Wales

BBC National Orchestra concert for audience with autism

The performance
Image caption Music was chosen for audiences who would not normally attend a classical concert

The BBC National Orchestra of Wales has staged its first concert designed for audiences with autism, learning disabilities and sensory loss.

The event, known as a relaxed concert, was held at St David's Hall in Cardiff.

It will be repeated during the BBC Proms at the Royal Albert Hall on 29 July.

The concert was designed to create a friendly, inviting environment with a relaxed attitude to music and noise from the audience.

Students from Ysgol Ty Coch in Tonteg near Pontypridd took part, alongside BBC NOW's professional musicians.

Sign language interpretation was provided from the stage, while chill-out areas in the auditorium were available for people to take a break from the orchestra.

Conductor Grant Llewellyn, who is regularly involved in the orchestra's outreach and education work, said: "It's been a real labour of love, a mission, to try and cultivate a repertoire and a language of communication and presentation for our audiences that incorporates this wonderful world.


"Not just for kids, but people with special needs who respond to music intuitively and instinctively, without any of the inhibitions which we learn.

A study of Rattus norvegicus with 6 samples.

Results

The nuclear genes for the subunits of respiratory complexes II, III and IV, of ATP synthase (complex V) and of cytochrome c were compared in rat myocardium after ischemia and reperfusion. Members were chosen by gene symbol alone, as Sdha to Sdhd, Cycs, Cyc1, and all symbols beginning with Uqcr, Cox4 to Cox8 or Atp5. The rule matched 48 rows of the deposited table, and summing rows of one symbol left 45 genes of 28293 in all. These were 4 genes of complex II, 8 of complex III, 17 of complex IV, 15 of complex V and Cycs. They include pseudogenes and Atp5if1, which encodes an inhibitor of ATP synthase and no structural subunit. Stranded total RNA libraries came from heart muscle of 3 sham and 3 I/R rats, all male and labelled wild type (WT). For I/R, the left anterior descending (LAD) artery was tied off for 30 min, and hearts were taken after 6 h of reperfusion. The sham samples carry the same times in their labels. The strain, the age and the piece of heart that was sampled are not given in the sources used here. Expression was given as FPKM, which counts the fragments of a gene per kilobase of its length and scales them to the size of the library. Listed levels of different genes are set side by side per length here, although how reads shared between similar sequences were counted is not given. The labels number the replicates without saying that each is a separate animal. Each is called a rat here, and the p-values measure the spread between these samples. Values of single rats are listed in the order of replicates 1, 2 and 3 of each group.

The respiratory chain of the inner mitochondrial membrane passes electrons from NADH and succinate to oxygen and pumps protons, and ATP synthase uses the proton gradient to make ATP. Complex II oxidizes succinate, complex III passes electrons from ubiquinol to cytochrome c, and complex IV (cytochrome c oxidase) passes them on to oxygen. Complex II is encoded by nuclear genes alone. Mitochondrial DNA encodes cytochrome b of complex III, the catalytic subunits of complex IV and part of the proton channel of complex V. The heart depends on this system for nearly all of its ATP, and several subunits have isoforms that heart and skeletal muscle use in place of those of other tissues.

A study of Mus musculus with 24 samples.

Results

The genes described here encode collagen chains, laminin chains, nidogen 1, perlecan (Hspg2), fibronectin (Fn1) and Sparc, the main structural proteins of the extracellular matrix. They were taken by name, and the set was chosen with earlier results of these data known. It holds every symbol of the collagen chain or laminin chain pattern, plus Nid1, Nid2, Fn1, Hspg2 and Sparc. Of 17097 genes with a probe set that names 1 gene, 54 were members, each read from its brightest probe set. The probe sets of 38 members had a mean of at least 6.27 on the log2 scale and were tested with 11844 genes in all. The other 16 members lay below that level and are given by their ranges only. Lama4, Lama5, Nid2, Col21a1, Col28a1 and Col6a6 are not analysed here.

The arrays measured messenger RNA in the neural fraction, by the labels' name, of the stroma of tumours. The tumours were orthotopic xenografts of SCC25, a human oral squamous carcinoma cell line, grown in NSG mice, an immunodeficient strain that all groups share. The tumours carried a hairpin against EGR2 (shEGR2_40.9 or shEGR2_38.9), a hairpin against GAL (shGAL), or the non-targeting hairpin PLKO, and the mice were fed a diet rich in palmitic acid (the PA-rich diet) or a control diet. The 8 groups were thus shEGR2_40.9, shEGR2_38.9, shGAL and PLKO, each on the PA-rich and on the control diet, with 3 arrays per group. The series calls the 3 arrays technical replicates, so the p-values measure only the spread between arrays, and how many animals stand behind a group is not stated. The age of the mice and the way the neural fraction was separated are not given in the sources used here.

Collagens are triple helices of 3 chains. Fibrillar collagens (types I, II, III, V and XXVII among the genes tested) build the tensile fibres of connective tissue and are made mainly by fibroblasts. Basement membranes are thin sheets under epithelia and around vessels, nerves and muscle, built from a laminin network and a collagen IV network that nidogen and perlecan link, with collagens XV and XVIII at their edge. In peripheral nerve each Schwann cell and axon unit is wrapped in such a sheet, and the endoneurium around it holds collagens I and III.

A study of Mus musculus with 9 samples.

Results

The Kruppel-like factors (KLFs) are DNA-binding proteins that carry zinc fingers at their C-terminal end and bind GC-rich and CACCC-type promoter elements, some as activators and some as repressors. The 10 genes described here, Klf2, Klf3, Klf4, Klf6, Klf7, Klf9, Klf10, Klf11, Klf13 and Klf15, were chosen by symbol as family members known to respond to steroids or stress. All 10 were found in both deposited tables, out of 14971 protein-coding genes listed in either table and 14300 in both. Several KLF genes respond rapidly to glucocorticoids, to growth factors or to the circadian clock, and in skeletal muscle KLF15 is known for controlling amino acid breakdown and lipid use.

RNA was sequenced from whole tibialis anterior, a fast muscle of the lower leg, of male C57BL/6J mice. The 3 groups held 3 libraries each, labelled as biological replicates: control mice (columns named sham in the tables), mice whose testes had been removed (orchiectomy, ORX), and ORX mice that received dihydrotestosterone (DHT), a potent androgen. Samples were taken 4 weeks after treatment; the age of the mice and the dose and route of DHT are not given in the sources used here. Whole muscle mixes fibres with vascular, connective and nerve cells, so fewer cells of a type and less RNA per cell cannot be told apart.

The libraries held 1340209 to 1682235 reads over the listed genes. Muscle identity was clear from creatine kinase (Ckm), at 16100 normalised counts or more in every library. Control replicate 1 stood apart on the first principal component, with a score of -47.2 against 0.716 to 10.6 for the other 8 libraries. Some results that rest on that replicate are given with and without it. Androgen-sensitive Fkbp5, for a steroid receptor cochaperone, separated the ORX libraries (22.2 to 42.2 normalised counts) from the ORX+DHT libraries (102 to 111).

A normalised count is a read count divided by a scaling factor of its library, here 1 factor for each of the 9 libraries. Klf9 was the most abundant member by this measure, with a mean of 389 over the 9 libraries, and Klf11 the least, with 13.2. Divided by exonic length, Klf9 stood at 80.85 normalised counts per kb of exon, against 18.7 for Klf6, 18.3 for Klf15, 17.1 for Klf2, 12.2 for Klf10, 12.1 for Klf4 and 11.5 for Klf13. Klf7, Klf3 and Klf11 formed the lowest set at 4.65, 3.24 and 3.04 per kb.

"It's just so invigorating, it's so liberating. And I can't speak for the players - but I will - I think they learn a tremendous amount.

"I certainly have learnt about the nature of direct communication, and entertainment, and just unadulterated fun through music."

Music was chosen for audiences who would not normally attend a classical concert and included popular works by classical composers, as well as the music from Doctor Who.

Image caption Sign language interpretation was provided from the stage

Andy Pidcock, who leads many of BBC NOW's outreach sessions in schools, said it was a "special moment" for the Ysgol Ty Coch pupils.

"A lot of them don't have much spoken vocabulary, so music is such a very natural way of expressing yourself.

"In the sessions we actually have very little spoken language, we just use our instruments together and we create pieces with very little vocabulary.

"So music is the real language, and it's very nice to see that work in practice."

When the concert is repeated at the Royal Albert Hall it will be the first relaxed prom to be staged at the summer series of concerts.